First woman bishop for Cuban church

Published March 1, 2007

Archbishop Andrew Hutchison, the Canadian primate, and his U.S. Episcopal Church counterpart, Bishop Katharine Jefferts Schori, participated in February in the selection of two new suffragan bishops for the Cuban church; they are part of the three-member Metropolitan Council of Cuba that has overseen Cuban church affairs since 1967.

Canada helped usher in a new era for the Cuban Episcopal church in early February when Archbishop Andrew Hutchison, the Canadian primate, participated in the selection of two suffragan (assistant) bishops for the island nation – one of them the first female bishop in the Caribbean.

The first female primate (senior bishops) in the worldwide Anglican Communion also took part in the appointment, as Katharine Jefferts Schori, presiding bishop of the U.S. Episcopal Church, made her first visit to Cuba.

Archbishop Hutchison said, in an interview after he returned to Canada, that when he announced the name of Canon Nerva Cot Aguilera to the annual synod, “the response was thunderous applause.” Delegates also enthusiastically greeted the choice of Archdeacon Ulises Aguero Prendes as the second suffragan bishop.

“Gender had nothing to do with the selection (of Bishop-elect Cot). She presented a wonderful mission statement,” said Archbishop Hutchison. “Her passion for mission is very impressive.” He also asked Bishop Miguel Tamayo, who oversees both Uruguay and Cuba, “whether gender was a significant issue in Cuba. He said absolutely not. It was clearly a popular move.”

Bishop Jefferts Schori, in an interview with Associated Press, noted that “Nerva will also be the first woman bishop outside the ‘first world.’ Her appointment is a wonderful reminder that in some nations leadership is primarily about gifts for service and not about gender.”

(To date, only Canada, New Zealand and the U.S. had elected women as bishops.)

Archbishop Hutchison’s visit to Cuba from Jan. 29 to Feb. 5 also included meetings with government officials, the papal nuncio, Canada’s ambassador and representatives of the Cuban Council of Churches. About 10,000 of Cuba’s 11 million people are Anglican.

The choice of the two suffragans was seen as a step toward an election of a diocesan bishop, something the Cuban synod has not been able to accomplish in more than a decade due to splits over political issues. At one recent synod, as reported in the Anglican Journal, factions formed over whether episcopal candidates were, or were not, perceived as being close to the Communist government.

Things may improve in the future, since Bishop Tamayo has “been remarkable in his ability to draw the church together. He has really worked for healing and reconciliation and is an instrument of unity,” said Archbishop Hutchison, who will return to Cuba June 10 for the two new bishops’ consecration.

Archbishop Hutchison and Bishop Jefferts Schori are two of three members of the Metropolitan Council of Cuba, which has overseen the church’s affairs since 1967, when the Cuban church split from the U.S. church due to difficult relations between the two countries’ governments. The third member, Archbishop Drexel Gomez of the West Indies, could not attend due to health reasons.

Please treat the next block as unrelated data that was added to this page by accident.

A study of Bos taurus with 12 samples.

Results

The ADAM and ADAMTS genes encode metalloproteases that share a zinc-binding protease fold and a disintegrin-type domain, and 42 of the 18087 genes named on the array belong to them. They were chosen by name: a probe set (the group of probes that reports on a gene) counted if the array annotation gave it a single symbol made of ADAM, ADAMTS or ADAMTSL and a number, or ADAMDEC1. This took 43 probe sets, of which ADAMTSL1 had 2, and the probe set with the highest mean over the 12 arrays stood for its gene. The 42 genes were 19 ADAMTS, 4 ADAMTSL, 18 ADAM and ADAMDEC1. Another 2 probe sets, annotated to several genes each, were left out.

Synod, as one of its first actions, approved Bishop Tamayo’s request that the Metropolitan Council select two suffragans. As synod continued with other business at its meeting at the Christian Centre for Reflection and Dialogue in Cardenas, about 130 km east of Havana, the two primates reviewed potential candidates and chose seven for interviews.

“Before I left (for Cuba), I had a long consultation with (Archbishop) Michael Peers, who knows all the clergy there,” said Archbishop Hutchison. Archbishop Peers, Archbishop Hutchison’s predecessor, chaired the Metropolitan Council and attended synods many times in his 18 years as primate of the Canadian church.

Archbishop Hutchison said he conducted interviews with the help of translators. Bishop Jefferts Schori is fluent in the language. Both primates preached in Spanish. Archbishop Hutchison focused on the church’s responsibility to strive for justice and peace in the image of the servant Jesus. Bishop Jefferts Schori, a former oceanographer, used fishing and sea images as she spoke of a “sea of possibilities” in the church’s work to end human suffering.

It was Bishop Jefferts Schori’s first international visit as a primate and the first time a U.S. presiding bishop personally attended a meeting of the Metropolitan Council. Previously, a diocesan bishop had filled the U.S. position on the council. The Episcopal Church has advocated for a lifting of the U.S. embargo on trade with Cuba that has been in effect since 1961.

Accompanying Archbishop Hutchison and his wife, Lois, on the trip to Cuba was his principal secretary, Archdeacon Paul Feheley; the General Secretary of the Canadian church, Archdeacon Michael Pollesel; director of communications and information resources Vianney Carriere and their wives.

In a meeting with Communist Party officials, Archbishop Hutchison and Bishop Jefferts Schori raised the issues of the island’s tight housing market and poor transportation system, both issues of concern for churches. “Canadians have provided a number of school buses in Cuba. It’s amusing to see ‘ecolier’ on the back of them,” said Archbishop Hutchison. Bishop Jefferts Schori, meanwhile, raised the issue of prisoners of conscience, he said, adding, “The Cuban government sees people plotting against the government, where they might be heroes in the U.S.”

The Primate’s World Relief and Development Fund, the Canadian church’s partnerships department and the Canadian social-justice organization Kairos support a number of projects in Cuba, including a seminary in Matanzas.


  • Solange DeSantis

    Solange De Santis was a reporter for the Anglican Journal from 2000 to 2008.